The BLAST Premier World Final was announced today, with the location revealed as Abu Dhabi in the United Arab Emirates. This is not the first time in BLAST’s history that the company has announced a deal to work with groups accused of human rights abuses, and thus was met with a mixed reaction from the Counter-Strike: Global Offensive fan base when announced on Twitter.
The move will also see BLAST enter into a three-year partnership with an entity known as “AD Gaming” to host more events in the country. This comes on the back of BLAST hosting its 2019 finals in Bahrain, as well as its failed attempt to partner with NEOM, which also saw Riot cancel a similar deal and led to significant public backlash.
To add a little more salt to the wound, BLAST also announced the move on the final day of Pride Month, which runs from June 1 to June 30. LGBTQ+ people in Abu Dhabi face significant persecution, with torture, like chemical castration and death, as well as floggings and vigilante murders among the consequences for many minorites if they choose to express themselves.
BLAST and ESL accused of engaging in "esportswashing"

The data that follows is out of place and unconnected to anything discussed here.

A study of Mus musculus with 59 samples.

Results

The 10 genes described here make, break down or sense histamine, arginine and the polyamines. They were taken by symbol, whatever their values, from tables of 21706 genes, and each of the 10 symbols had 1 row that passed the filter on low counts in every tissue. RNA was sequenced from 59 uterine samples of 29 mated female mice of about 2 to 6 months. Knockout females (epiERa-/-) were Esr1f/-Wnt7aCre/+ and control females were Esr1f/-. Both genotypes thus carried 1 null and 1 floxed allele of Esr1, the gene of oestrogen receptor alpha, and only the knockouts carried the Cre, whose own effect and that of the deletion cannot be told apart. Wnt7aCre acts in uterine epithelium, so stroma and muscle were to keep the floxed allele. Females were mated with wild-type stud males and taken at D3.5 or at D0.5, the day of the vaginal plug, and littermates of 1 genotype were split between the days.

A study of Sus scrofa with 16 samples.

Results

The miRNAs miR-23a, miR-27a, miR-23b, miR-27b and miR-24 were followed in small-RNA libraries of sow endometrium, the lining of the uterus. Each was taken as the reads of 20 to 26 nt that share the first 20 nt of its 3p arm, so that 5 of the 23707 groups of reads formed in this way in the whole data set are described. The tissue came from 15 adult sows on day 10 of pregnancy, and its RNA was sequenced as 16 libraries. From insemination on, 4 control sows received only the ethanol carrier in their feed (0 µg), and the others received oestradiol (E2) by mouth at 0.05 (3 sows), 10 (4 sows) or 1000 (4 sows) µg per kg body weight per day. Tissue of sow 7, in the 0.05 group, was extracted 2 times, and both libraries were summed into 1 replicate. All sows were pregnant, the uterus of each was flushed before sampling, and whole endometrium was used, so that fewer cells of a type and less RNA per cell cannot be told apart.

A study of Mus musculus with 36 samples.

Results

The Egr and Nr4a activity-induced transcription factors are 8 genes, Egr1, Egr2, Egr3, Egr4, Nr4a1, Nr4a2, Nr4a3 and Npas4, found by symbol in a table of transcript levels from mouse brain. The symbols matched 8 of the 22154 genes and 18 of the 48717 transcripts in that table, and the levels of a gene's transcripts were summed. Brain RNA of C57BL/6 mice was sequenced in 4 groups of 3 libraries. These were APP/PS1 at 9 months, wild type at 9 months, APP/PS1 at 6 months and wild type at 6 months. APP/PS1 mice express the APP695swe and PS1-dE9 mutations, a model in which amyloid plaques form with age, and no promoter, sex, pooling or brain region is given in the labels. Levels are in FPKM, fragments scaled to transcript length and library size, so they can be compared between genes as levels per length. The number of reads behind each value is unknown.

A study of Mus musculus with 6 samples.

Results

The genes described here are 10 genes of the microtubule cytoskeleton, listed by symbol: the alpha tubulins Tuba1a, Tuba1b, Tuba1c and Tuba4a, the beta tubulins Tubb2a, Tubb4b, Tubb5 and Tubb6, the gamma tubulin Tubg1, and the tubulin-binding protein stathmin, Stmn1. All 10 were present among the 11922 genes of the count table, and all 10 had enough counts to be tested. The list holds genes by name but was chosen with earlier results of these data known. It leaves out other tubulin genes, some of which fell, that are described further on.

According to a report in HLTV, the event will feature eight teams, with $1,000,000 on the line, taking place on December 14-18. The venue is the Yas Marina island, which can fit up to 18,000 people. As previously mentioned, this also marks the start of a three year relationship that will see the group host more events in that part of the world.
BLAST entering into this relationship now means two of the largest tournament organizers in Counter Strike are tied to bodies based on the Middle East, with ESL having been purchased by the Saudi Arabian Public Investment Fund at the start of 2022. The last two majors have both been run by rival organizer PGL on behalf of Valve, although the publisher has never publicly commented on the deals for ESL or BLAST’s relationship with the UAE.
Riot were also forced to walk back a deal with NEOM following significant backlash, and the topic of "sportswashing," or "esportswashing" in this case is a growing issue for the scene. Groups with questionable human rights records and massive amounts of funding are finding their way into esports and gaming, a space which has long been considered more inclusive than traditional sport, and protecting that diversity is proving more difficult in the face of vast amounts of money.
Inven Global reached out to BLAST for comment on the deal, but has received no reply at the time of going to press. Should BLAST or their partners respond, we will update the article accordingly.